The news of Red Bull's pending departure from NASCAR at the end of the 2011 season sent shockwaves through the NASCAR community Monday afternoon. Those shockwaves will continue to be felt throughout the sport for many months, as the organization attempts to figure out where to go next.
At the moment, Red Bull fields cars for Brian Vickers and Kasey Kahne, as well as Truck Series rookie sensation Cole Whitt. Plans were already in place for Kahne to move to Hendrick Motorsports for 2012 and Vickers is currently in his final contract year with the organization.
By leaving the sport at the end of the season, Red Bull will leave two vacancies at the sport's biggest level, taking with it their sponsorship money and appeal to the 18-36 male demographic.
With NASCAR constantly looking to draw the interest of the younger demographic, the loss of a well-recognizable energy drink brand the caliber of Red Bull is a setback in that pursuit. Yet, the fault lay not with NASCAR.
The company runs all of its operations out of their main headquarters in Austria, not ideal for a sport that is dependent on personal business relationships at the shop and within the garage.
The best teams in the sport – Hendrick, Gibbs, Childress, etc. – are operated by owners that are fully involved on a day-to-day basis. For these owners, the team is not simply another business venture or a new way to expand their brand awareness; it is about racing and winning.
Owners and organizations that come into NASCAR expecting to make a big splash right away usually fall to the wayside – just look at the stellar ownership history of Bobby Ginn and George Gillett, for example. When Red Bull made the jump to NASCAR, they expected just that. Instead, they were faced with the harsh reality of the sport and have never fully recovered.
Vickers and AJ Allmendinger struggled to make races their first season in 2007. Then, as it appeared Allmendinger was making progress, he was let go in favor of former Red Bull Formula One driver Scott Speed. Again expecting big things out of their in-house driver, Speed fell flat on his face, struggling mightily for the two seasons he was in the Sprint Cup Series before being let go by the team via fax in November. In addition, Vickers, the team’s star driver, was forced to sit out the majority of last year with blood clot issues.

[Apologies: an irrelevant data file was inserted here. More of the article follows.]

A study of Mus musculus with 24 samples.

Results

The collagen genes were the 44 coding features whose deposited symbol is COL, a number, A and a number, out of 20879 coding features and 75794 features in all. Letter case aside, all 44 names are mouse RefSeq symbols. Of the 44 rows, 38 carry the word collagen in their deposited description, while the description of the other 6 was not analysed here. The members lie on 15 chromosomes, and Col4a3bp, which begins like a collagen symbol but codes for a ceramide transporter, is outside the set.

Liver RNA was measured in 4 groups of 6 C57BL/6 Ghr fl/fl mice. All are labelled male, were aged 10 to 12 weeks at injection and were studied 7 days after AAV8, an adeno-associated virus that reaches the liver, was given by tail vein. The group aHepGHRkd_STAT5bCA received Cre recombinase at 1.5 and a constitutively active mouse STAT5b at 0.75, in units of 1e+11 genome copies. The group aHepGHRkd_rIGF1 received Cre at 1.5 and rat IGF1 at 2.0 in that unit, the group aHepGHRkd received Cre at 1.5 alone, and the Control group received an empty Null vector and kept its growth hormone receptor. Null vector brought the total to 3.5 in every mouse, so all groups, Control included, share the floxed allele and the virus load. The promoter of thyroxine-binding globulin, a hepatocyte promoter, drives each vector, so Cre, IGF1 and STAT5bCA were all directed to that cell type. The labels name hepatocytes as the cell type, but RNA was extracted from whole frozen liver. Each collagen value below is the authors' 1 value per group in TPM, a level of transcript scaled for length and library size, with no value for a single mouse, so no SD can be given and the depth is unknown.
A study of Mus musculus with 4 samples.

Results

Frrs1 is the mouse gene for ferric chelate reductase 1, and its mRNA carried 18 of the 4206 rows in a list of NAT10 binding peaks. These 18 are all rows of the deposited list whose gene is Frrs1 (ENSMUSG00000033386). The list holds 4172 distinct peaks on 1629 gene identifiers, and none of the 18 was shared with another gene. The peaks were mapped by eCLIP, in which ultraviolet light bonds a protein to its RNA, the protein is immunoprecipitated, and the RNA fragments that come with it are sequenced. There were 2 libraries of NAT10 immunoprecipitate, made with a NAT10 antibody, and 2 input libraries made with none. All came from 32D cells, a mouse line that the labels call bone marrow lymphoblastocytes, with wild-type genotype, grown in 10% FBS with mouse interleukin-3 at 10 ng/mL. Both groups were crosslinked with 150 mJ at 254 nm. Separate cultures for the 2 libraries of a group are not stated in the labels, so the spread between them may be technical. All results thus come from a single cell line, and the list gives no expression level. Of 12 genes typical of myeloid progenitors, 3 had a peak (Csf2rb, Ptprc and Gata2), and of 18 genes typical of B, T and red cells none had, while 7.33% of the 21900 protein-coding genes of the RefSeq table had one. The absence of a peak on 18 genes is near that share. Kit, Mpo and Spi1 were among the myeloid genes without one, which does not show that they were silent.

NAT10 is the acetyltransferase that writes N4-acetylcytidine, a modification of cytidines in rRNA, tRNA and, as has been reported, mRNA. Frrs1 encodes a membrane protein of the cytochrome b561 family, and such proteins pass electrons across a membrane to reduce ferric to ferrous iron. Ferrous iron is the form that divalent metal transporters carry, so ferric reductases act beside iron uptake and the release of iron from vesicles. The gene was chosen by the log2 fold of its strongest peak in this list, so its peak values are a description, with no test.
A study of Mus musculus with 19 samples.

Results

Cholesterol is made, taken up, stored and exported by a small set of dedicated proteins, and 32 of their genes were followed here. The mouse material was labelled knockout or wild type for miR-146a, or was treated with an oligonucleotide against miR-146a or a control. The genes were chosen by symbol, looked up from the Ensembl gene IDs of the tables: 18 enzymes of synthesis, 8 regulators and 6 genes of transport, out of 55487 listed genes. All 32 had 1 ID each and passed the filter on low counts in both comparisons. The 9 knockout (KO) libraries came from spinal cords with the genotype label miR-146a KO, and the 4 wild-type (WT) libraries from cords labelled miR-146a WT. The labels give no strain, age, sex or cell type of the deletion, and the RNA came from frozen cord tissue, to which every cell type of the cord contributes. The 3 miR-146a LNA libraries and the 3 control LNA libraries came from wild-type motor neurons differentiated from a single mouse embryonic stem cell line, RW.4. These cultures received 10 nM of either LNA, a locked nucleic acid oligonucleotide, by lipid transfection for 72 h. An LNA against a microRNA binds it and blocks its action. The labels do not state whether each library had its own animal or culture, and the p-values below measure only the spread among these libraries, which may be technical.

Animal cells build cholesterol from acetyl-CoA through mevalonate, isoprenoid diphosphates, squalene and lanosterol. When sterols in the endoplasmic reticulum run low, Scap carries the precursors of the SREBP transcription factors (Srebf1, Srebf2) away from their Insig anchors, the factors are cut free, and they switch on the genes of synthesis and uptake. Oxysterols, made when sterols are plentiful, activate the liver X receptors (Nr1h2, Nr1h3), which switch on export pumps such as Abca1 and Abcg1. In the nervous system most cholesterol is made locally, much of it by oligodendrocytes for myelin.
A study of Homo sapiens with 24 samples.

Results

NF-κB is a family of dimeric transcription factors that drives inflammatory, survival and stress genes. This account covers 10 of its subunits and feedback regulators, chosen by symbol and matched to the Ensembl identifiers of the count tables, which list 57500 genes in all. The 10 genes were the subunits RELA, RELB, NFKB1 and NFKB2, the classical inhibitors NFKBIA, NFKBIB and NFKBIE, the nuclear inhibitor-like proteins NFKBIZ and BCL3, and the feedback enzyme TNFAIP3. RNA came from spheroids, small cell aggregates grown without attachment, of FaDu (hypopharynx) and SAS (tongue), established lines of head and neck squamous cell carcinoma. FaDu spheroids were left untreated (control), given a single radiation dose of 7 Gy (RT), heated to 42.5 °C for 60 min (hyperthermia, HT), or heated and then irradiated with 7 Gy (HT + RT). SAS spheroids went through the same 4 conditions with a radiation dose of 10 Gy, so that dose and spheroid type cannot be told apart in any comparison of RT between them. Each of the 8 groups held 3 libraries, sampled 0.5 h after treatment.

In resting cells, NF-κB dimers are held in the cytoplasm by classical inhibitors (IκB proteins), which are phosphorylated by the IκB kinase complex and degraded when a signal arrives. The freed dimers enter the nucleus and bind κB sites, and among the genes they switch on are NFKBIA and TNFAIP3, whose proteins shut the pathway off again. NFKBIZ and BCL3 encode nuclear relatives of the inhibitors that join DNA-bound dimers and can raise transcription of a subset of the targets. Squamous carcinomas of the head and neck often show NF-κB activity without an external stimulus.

Despite his best efforts, team general manager Jay Frye often worked with one hand tied behind his back as the major decisions were ultimately made half a world away, with little knowledge of how the sport works.
The loss of Red Bull’s brand identity, their attraction to the young male demographic and their sponsorship dollars will be missed in NASCAR, but their ownership style will not. Too often people come into the sport expecting to make money quickly by finding instant success. When they fail to find that success, they often quickly cut their losses and hightail it back to wherever they came from.
Yet the ones who often suffer are the employees that are left to fend for themselves. Rumors are swirling there are already people working to find investors to salvage the program without the help of Red Bull moving forward, yet there still remains a cloud of uncertainty that will linger around this organization for the remainder of the season and time to come.